You Are Not Walking in Love

May 15, 2006

Before I get to the point of the title of this post, I’d like to update a bit on what’s been going on lately. School’s been getting crazy these last days. I took the chemistry test and got a 31 (originally out of 42, now out of 32 with a huge curve). I also got the review sheet for the chemistry exam. Summing it up with the words of Gandalf the Grey, I told my teacher that, “You shall not pass!” was the only way of describing the impending exam. I only have to take three exams (well, the band one too, but I’m fairly sure I won’t do well on that scale audition). I was only *one* point away from being exempt for Algebra II. *rant* Gah. Oh well. It will have to be Bible Doctrines (totally easy), Algebra II, and then Chemistry.

I also went to the doctor today. He put me on another antibiotic, so hopefully that will help the bleeding. But dig this! Since the last time I visited (April 10) I gained *five* pounds. I am now 132 pounds.

Anyway, onto the point of this post. I finally finished reading Garry Friesen’s Decision Making and the Will of God. I must say it was completely fantastic. While I did not agree with every little bit (statements such as: “This life is preparing us for real life in Heaven”), I found his thesis biblical and logical in almost every point. He prevents the tradition-defying idea that God does not have an “individual will” for each person, but rather desires that in areas not governed by his moral will that we exercise wisdom in our decision making, instead of pursuing God’s revelation of his detailed plan for our lives.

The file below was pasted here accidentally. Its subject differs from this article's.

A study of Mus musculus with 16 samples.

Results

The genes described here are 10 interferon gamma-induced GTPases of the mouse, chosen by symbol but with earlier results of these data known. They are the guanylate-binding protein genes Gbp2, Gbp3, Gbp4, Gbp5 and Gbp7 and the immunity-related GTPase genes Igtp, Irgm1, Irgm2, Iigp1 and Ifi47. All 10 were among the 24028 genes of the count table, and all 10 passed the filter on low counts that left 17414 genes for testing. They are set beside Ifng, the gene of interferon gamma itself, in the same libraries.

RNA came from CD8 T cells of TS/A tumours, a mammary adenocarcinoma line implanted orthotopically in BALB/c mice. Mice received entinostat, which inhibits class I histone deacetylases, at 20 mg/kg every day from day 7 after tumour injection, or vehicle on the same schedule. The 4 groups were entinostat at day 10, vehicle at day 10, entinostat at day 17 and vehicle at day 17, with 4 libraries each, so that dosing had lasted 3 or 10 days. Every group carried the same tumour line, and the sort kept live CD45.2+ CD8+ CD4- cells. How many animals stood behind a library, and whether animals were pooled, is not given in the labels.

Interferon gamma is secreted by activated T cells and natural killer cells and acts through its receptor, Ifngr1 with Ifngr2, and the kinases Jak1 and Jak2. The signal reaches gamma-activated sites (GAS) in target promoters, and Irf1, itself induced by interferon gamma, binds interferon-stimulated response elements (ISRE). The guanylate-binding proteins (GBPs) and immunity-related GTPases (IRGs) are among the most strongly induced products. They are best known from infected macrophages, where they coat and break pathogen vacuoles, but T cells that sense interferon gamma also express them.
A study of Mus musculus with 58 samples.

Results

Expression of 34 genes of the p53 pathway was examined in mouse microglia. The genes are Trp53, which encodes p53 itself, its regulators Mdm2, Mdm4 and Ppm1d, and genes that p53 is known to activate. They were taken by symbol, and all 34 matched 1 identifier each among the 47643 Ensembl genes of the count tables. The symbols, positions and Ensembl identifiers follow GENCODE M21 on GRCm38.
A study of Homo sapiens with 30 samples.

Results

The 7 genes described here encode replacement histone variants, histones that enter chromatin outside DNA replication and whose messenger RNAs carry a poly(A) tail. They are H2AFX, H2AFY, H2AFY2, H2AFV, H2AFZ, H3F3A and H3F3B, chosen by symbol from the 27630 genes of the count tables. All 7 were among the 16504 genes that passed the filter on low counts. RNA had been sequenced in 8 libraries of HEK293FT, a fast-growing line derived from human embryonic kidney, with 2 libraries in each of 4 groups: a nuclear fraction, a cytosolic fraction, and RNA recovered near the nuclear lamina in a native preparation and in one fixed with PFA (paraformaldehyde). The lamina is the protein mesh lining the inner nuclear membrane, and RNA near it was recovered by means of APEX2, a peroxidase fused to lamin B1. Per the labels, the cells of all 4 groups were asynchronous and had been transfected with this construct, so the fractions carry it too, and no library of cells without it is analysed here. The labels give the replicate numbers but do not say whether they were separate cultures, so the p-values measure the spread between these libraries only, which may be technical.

But one of the real gems in this book was his discussion of freedom in Christ, and areas where Christians disagree. He lists a bunch of things that have divided Christians in these decades: smoking, dancing, guitars in church, movies, etc. He goes over Romans 14-15 and provides a very challenging chapter. I was perhaps most touched by the fact that Paul was willing to accomodate for others when their conscience was bothered. It made me realize that perhaps I have been too haughty in the new liberties in Christ I have taken (moving away from my stricter upbringing in school and church) and viewed those who hold to such views as kind of dumb or silly. I believe the ideas are silly, but I should realize that such things are for God to judge, not for me.

This especially relates not only in my areas of liberty, such as music, but also in my more “liberal” theological leanings. I mean my preterism, postmillenialism, and other non-essential views on which I tend to make a big deal. I need to get over this obsession with winning debates and showing off how smart I am, and start worrying about walking in love and caring more about my brothers and sisters in Christ, and putting them before me. If some think that my music is inappropriate, I am not going to tell them to listen to my Christian metal.

Lord, forgive me for my foolishness and help me to love your children more.